In the midst of arguably the biggest player protests in its history, Major League Baseball is also having to face the reality of its hiring practices. Typically, MLB’s Racial and Gender Report Card is released in conjunction with the anniversary of Jackie Robinson breaking MLB’s color barrier on April 15, 1947. Due to the coronavirus pandemic postponing the MLB season to early-July, it was published on Aug. 28 — this year’s Jackie Robinson Day.
For the 2020 RGRC, MLB earned B+ and C marks for its racial and gender hiring practices, respectively, resulting in an overall grade of B. It marked a slight increase of 1.2 percentage points from 2019.
MLB saw a marginal decline in its racial hiring score from 89.4% in 2019 to 88.7% in 2020. The biggest gain that the league saw was in its gender hiring efforts, as it increased from 69.6% in 2019 to 72.7% in 2020. The combined score of 80.7% was also a 1.2% rise year-over-year.
UCF’s Institute for Diversity and Ethics in Sports, which publishes the annual report card, attributes MLB’s fluctuating scores to the implementation of grades for team CEOs/presidents and team vice presidents.
Richard Lapchick, director of UCF’s Institute for Diversity and Ethics in Sports, applauds MLB for its gradual improvements in hiring practices, but acknowledges that more work needs to be done.
Of MLB’s 30 team owners and CEOs, only one — Derek Jeter of the Miami Marlins — is a person of color. In the general manager and baseball operations role, there are only four people of color across the league’s 30 clubs.
“I don’t know if [the league] is having trouble attracting [team CEOs of color], or if their circle of friends look like them,” Lapchick said. “If the owners are making some of those decisions, and all but one owner is a white man, then his circle of friends in baseball is probably going to be white men.”
Encouraging signs of progress came on the field, with Lapchick pointing out that there are six managers of color — up from four in 2019. To address its diversity woes, MLB Commissioner Rob Manfred announced on Aug. 3 that the league hired Michele Meyer-Shipp as its new chief people and culture officer. Meyer-Shipp, who formerly held the chief diversity officer position at accounting firm KPMG, will oversee all league office, “human resources activities, including talent processes and programs, workplace culture and diversity and inclusion,” MLB said.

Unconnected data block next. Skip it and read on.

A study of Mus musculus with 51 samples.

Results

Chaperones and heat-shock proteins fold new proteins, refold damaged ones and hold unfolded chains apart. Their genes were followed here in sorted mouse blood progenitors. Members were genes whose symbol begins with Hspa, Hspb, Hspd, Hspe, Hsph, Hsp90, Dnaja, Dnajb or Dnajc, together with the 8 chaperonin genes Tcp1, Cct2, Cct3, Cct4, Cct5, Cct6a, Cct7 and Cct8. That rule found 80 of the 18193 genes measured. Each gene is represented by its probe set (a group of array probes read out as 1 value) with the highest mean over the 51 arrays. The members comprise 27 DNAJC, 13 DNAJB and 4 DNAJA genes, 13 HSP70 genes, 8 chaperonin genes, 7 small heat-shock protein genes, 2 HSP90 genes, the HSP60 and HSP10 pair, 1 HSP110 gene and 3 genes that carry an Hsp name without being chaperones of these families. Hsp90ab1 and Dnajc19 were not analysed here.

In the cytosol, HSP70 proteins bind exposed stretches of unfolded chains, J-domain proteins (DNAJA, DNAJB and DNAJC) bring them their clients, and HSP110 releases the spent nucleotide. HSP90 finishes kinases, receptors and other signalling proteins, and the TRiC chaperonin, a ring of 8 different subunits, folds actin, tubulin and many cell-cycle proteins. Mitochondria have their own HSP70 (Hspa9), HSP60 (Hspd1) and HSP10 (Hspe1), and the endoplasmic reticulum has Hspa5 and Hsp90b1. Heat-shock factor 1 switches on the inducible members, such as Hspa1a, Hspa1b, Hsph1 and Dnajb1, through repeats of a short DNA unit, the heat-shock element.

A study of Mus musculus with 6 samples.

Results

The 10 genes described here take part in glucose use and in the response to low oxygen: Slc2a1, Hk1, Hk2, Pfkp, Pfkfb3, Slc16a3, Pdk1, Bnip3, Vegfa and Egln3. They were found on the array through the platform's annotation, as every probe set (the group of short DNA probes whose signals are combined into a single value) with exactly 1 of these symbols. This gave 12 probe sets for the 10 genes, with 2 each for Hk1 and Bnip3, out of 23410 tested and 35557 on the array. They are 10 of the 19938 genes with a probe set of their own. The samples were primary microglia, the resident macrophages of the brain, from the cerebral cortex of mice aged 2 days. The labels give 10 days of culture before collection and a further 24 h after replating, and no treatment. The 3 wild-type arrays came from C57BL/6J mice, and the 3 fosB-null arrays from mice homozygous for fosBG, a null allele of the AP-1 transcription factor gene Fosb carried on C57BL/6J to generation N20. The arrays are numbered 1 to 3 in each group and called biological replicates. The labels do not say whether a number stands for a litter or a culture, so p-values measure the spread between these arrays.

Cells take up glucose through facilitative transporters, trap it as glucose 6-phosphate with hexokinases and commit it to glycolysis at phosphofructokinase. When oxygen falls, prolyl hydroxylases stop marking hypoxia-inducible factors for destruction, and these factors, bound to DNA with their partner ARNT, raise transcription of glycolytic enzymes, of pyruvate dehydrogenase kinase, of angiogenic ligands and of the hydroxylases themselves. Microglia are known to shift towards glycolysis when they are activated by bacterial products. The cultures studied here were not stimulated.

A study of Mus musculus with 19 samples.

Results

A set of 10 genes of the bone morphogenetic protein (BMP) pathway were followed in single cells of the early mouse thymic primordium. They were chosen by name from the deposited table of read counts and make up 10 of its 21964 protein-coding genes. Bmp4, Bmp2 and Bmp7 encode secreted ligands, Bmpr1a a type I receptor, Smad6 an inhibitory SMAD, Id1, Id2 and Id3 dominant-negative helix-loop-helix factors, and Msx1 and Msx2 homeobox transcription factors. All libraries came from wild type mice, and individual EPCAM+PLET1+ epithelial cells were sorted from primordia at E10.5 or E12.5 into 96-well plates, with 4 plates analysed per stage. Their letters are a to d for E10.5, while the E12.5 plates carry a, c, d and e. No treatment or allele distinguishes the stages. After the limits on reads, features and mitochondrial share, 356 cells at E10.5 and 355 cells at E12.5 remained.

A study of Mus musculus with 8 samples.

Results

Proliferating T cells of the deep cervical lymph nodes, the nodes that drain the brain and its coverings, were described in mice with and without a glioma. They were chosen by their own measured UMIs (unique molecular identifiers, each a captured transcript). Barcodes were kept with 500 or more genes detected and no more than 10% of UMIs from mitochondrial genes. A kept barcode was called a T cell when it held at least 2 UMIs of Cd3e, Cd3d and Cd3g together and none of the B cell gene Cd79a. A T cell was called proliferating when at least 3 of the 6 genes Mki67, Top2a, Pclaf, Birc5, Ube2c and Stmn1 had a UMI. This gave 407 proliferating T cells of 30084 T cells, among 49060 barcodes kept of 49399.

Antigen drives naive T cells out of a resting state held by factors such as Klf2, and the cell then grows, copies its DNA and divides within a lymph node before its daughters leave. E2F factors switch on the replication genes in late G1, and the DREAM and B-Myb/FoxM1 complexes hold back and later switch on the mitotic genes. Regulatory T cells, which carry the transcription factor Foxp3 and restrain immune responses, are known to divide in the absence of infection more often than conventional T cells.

“She’ll bring an outside perspective as somebody who wasn’t in the industry,” Lapchick said. “Having a Black woman in that particular position is one, symbolic, and two — it’s going to be a dynamic for the league to have her there. My understanding is she’s going to spend a lot of time working with the teams to move not only numbers but also to make baseball as welcoming a workplace as it can be in terms of race and gender.”
MLB’s latest hiring evaluation comes on the heels of its players and teams protesting the recent shooting of Jacob Blake by police in Kenosha, Wis. It began on Aug. 26 when the Milwaukee Bucks went on a Game 5 playoff strike. The Milwaukee Brewers, who typically play 40 miles away from where Blake was shot, sat out their scheduled game against the Cincinnati Reds. The Seattle Mariners — who have the most Black players of any MLB club — continued the protests by not playing in their game against the San Diego Padres.
That same day, players like Dexter Fowler, Jason Heyward and Matt Kemp opted not to play even though their teams did. With the increased outspokenness of professional athletes, Kelly Lewis, director of diversity and inclusion at talent recruitment firm Turnkey Search, believes D&I will become as important of an issue as sports itself.
“As we’re trying to recruit the best and the brightest of individuals, we have to be more intentional about hearing others’ experiences and how do we make their experiences worthwhile outside of just the thrill that we offer of being in sports,” Lewis said. “That comes down to making sure that we reset inclusive excellence, that we’re creating a space where people can bring their holistic self to the workplace, and then that stuff is being championed to continue to push the business of sports. There are data that suggests that the more diverse the organization is, the more successful they are, and so it’s about getting that awareness behind it.”
In June, Lapchick said that the athlete activism spurred on by the murders of Ahmaud Arbery, George Floyd and Breonna Taylor was a breakthrough moment for the sports industry. Now in the midst of the Blake protests, he believes that the players speaking out — and even sitting out of games — can be the turning point in raising awareness to sports’ diversity struggles.
“I’m particularly encouraged that player activism is going to focus its attention on these issues, and that’s going to be the thing that finally moves the needle,” Lapchick said. “I think we realize as a nation and as a people — more than any time in my lifetime — how important that is in the wake of everything that’s going on. All the things that the players are talking about, it’s taken hundreds of years to get to this point. It’s not going to be a quick fix, but where it can be quicker is in who we hire.”